Reporting from San Francisco -- Interim Mayor Ed Lee won a four-year term by a solid margin, a vote tally Wednesday showed, making him the first Chinese American elected to lead a city where a fourth of the voters are of Chinese descent.
The results capped a bitter campaign in which a number of Lee's 15 opponents accused him of reneging on a promise not to run. More recently, criminal investigations of alleged money laundering and ballot tampering shadowed Lee's supporters.
Lee strongly denounced the purported wrongdoing, and ultimately voters decided that the soft-spoken candidate, who campaigned on job creation and his 10-month record of collaborative governance, deserved a full term.
"What did they care about? It's still the economy," said David Latterman, a professor of politics at the University of San Francisco. He said voter rejection of a sales tax hike, approval of two bond measures and the victory of a moderate district attorney also spoke to the city's centrist bent.
Lee, 59, a former tenants rights attorney turned city bureaucrat, was appointed to the interim job in January to fill the seat of now-Lt. Gov. Gavin Newsom.
San Francisco voters also elected another appointed leader — Dist. Atty. George Gascon — to a full term. Gascon, the former police chief, had filled the seat of Kamala Harris when she became state attorney general.
Meanwhile, left-leaning Supervisor Ross Mirkarimi appeared to be edging out moderate opposition to replace the city's longtime liberal sheriff after a record 32-year run.
"I am profoundly grateful that San Francisco voters have given me four more years to keep our city moving in the right direction," Lee said in a brief and emotional appearance outside his office. "Let us work together with a renewed sense of commitment toward creating jobs and improving neighborhoods for our entire city."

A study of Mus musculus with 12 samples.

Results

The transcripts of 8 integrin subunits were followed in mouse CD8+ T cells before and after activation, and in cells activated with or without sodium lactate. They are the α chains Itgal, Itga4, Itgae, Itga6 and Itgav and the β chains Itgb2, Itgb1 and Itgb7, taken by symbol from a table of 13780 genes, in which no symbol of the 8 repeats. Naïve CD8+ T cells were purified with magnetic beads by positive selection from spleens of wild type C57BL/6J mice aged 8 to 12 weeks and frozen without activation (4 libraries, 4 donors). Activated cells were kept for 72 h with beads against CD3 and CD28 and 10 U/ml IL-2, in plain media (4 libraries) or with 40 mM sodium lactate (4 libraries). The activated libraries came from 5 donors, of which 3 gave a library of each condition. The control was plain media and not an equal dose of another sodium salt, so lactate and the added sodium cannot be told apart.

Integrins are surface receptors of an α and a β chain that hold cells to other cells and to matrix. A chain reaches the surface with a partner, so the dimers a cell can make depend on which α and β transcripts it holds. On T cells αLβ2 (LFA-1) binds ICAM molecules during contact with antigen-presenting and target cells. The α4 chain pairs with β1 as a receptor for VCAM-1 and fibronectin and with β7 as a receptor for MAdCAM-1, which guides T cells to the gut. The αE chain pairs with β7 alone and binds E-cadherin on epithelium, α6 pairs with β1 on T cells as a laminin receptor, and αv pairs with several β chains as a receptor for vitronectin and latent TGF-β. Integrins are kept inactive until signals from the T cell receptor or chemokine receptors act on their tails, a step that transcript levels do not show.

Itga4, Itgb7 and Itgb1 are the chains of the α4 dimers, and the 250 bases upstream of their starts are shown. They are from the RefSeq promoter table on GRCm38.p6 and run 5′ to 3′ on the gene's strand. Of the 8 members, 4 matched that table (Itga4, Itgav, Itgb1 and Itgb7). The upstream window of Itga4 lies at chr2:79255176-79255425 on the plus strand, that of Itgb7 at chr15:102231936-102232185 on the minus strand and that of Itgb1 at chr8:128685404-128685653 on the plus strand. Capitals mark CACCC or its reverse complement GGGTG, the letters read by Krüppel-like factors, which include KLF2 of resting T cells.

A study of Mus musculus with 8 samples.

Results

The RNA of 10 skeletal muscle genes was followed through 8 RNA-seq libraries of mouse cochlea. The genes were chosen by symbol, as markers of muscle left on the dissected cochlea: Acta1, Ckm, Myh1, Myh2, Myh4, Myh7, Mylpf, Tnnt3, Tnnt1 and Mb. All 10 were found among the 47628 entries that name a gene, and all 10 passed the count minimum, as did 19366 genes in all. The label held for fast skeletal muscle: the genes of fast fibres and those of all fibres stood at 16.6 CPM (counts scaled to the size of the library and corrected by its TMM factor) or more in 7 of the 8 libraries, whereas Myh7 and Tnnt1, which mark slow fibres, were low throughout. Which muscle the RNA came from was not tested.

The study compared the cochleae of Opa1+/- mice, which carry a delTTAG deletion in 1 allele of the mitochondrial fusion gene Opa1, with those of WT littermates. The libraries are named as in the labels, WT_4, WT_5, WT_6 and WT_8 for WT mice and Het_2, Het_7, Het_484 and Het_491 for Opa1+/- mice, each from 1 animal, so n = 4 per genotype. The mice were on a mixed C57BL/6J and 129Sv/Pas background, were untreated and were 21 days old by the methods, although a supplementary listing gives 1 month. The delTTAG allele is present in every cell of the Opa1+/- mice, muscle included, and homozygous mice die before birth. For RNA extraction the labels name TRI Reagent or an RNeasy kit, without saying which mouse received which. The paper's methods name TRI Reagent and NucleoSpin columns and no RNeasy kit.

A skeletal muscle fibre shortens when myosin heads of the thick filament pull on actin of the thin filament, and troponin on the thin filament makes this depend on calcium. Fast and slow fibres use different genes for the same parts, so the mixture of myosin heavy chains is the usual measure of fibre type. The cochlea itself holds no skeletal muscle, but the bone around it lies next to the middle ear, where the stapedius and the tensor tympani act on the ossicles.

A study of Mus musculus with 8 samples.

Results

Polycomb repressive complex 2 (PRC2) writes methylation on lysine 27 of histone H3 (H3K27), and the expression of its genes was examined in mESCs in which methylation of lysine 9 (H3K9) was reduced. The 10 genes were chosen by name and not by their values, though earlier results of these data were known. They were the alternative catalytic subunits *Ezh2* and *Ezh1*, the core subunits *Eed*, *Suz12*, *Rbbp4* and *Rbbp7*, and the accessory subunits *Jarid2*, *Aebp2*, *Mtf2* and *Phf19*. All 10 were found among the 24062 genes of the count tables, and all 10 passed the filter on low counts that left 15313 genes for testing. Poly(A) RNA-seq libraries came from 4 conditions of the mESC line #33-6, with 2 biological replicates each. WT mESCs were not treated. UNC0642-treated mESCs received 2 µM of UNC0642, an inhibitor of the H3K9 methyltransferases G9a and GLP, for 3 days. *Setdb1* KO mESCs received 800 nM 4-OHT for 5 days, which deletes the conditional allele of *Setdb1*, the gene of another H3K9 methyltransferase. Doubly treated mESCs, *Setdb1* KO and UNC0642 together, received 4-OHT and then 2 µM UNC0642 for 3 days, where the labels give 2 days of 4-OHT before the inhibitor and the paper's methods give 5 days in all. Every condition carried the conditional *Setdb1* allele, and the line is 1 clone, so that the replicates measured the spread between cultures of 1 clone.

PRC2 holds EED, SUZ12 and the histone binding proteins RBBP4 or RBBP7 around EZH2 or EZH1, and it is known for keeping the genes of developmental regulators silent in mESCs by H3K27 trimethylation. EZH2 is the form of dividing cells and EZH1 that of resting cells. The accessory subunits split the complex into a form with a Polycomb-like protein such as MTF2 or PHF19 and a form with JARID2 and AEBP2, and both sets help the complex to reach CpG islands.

In a statement Wednesday, House Democratic leader Nancy Pelosi of San Francisco called the election of the first Asian American to the city's highest office "a point of pride for all San Franciscans." Pelosi gave a nod of approval to Lee's focus on fostering high-tech jobs and said he brings "a record of accomplishment and a demonstrated ability to bring people together to address our toughest challenges — growing the economy and creating jobs."
Lee had failed to pass the 50% mark with first-choice votes tallied Tuesday night, which kicked in the city's "instant runoff" or "ranked choice" voting system. Lee emerged victorious in the 11th round of counting, with 61% of the vote to second-place John Avalos' 39%.
The system, which allows voters to rank their three top choices, works this way: If no one breaks the 50% mark, the candidate who fared worst is eliminated and the votes of those who favored that candidate are transferred to their second choice. The rounds of tallying and elimination are repeated until a victor emerges with more than 50% of the votes in play.
Turnout was fairly dismal, at a third of registered voters. The showing left startled analysts to conclude that Lee's quick rise to front-runner status, the clumped field of largely like-minded opponents and negative campaigning by many seeking to dethrone him took a toll.
"It certainly wasn't the weather," said political consultant Alexander Clemens. "San Francisco prides itself on being a politically sophisticated and active city, but voter turnout under 40% for a mayor's race makes it hard to justify that claim with a straight face. It's nothing to celebrate about."